Retirees projected to need $225,000 per couple for medical costs


According to an annual study released by Fidelity Investments, a couple retiring this year will need about $225,000 to cover lifetime medical costs. The study assumes no employer-sponsored retiree coverage. It includes Medicare premium payments, copayments, and deductibles, as well as out-of-pocket prescription drug costs.

The figure has increased 4.7% since 2007. Fidelity’s first study in 2002 found that a couple needed $160,000 in savings to fund medical costs in retirement. Given current levels of savings, 6 in 10 retirees are “at risk” of not being able to maintain their standard of living (Eileen Alt Powell, Associated Press 3/6/08).

The very first cause listed for the rising costs, notes Dr. Lawrence Huntoon, is “the cost of a doctor’s visit”—expected Medicare fee cuts notwithstanding. Other causes are stated to include increased utilization, new technology, and increasing incidence of chronic diseases such as diabetes.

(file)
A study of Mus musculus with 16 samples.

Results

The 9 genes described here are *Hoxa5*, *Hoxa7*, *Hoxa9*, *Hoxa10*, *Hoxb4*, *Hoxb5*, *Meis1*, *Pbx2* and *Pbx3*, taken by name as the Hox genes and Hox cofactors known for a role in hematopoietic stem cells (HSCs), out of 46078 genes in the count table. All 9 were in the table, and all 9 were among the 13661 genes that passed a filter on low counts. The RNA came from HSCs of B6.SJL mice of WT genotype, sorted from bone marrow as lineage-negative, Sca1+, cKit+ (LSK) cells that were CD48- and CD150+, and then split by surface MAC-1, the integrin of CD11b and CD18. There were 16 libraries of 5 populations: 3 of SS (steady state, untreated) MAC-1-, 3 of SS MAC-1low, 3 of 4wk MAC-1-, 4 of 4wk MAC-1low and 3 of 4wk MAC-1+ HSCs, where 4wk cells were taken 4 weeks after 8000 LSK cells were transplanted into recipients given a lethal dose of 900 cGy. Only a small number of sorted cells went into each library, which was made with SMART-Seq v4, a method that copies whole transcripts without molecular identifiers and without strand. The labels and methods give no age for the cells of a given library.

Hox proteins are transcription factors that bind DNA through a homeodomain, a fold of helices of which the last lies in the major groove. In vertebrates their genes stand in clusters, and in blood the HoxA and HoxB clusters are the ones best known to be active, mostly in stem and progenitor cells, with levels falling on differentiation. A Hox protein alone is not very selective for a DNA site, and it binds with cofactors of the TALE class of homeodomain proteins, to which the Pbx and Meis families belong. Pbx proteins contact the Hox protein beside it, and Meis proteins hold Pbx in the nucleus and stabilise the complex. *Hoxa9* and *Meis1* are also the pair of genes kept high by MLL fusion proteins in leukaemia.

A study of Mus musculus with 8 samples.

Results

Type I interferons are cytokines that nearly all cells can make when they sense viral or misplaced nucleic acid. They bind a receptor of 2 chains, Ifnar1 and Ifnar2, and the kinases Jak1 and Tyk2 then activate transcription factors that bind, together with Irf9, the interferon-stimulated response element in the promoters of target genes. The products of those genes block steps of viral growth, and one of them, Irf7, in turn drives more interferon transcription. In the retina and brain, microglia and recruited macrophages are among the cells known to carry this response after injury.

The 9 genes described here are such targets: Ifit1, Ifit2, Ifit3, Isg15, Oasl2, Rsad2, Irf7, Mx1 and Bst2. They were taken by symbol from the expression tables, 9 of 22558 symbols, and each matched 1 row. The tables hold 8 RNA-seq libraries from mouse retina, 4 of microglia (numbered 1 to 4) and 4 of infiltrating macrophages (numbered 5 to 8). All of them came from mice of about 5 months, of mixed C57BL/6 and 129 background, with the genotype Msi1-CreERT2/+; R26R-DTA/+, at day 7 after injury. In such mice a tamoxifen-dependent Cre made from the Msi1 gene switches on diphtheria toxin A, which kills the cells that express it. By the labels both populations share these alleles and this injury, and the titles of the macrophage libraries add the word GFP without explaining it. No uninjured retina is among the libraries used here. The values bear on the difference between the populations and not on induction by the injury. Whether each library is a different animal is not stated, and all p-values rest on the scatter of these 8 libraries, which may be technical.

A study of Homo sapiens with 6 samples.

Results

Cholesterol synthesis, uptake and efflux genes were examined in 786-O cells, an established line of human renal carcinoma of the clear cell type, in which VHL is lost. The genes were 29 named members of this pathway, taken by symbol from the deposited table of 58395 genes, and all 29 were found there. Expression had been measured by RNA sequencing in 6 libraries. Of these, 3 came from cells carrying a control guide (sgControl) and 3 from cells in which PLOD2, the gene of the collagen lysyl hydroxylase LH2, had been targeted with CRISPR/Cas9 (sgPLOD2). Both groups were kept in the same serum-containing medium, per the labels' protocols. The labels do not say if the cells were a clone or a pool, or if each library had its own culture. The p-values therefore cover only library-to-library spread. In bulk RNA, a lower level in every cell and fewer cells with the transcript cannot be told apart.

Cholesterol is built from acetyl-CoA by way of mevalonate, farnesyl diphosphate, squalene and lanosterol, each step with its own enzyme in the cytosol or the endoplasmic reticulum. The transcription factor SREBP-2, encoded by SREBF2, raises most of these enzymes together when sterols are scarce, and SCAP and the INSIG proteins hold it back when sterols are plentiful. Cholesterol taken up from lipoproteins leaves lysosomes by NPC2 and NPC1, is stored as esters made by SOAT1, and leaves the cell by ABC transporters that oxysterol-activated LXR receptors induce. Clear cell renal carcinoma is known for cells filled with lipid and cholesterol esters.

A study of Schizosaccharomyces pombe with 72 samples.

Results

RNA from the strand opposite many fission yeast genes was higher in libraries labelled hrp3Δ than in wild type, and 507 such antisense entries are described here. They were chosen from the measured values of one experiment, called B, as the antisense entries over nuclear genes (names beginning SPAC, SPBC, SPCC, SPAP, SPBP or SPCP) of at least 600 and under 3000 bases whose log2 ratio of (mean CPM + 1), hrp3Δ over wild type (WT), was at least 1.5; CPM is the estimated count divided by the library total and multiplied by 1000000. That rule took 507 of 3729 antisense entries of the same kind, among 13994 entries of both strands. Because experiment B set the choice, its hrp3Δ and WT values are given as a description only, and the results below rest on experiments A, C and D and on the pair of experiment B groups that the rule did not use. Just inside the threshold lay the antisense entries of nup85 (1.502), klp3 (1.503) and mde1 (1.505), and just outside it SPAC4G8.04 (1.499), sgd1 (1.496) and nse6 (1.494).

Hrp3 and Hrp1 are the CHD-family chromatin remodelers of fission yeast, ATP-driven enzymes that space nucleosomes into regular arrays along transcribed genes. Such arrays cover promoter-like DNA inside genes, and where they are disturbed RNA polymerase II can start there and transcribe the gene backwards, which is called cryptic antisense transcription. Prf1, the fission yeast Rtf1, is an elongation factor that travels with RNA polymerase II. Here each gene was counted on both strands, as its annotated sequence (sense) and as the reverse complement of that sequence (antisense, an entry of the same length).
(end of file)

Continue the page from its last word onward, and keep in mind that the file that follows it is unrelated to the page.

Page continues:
The study assumes, apparently, that Medicare will somehow be able to continue current premiums and benefits.

The federal government projects that by 2017, consumers and taxpayers will spend more than $4 trillion on medical care, $1 of every $5 spent, with the amount increasing at nearly three times the rate of inflation. The percentage paid by federal and state governments is projected to increase from 46% in 2006 to 49% over the next decade.

“Medicare, on its current course, is not sustainable,” testified Health and Human Services Secretary Michael Leavitt (Kevin Freking, Associated Press 2/26/08).

Neither John McCain, Hillary Clinton, nor Barack Obama listed dealing with the coming crisis in financing retirees’ medical care among their stated goals, according to the Kaiser Family Foundation. Obama calls for “expanded public insurance.”

The AMA’s National Health Care Policy Agenda also fails to mention this problem. It simply calls for Congress and the next Administration to “permanently replace the flawed payment formula.” Nor does the AMA allude to the problem in its ten questions for candidates.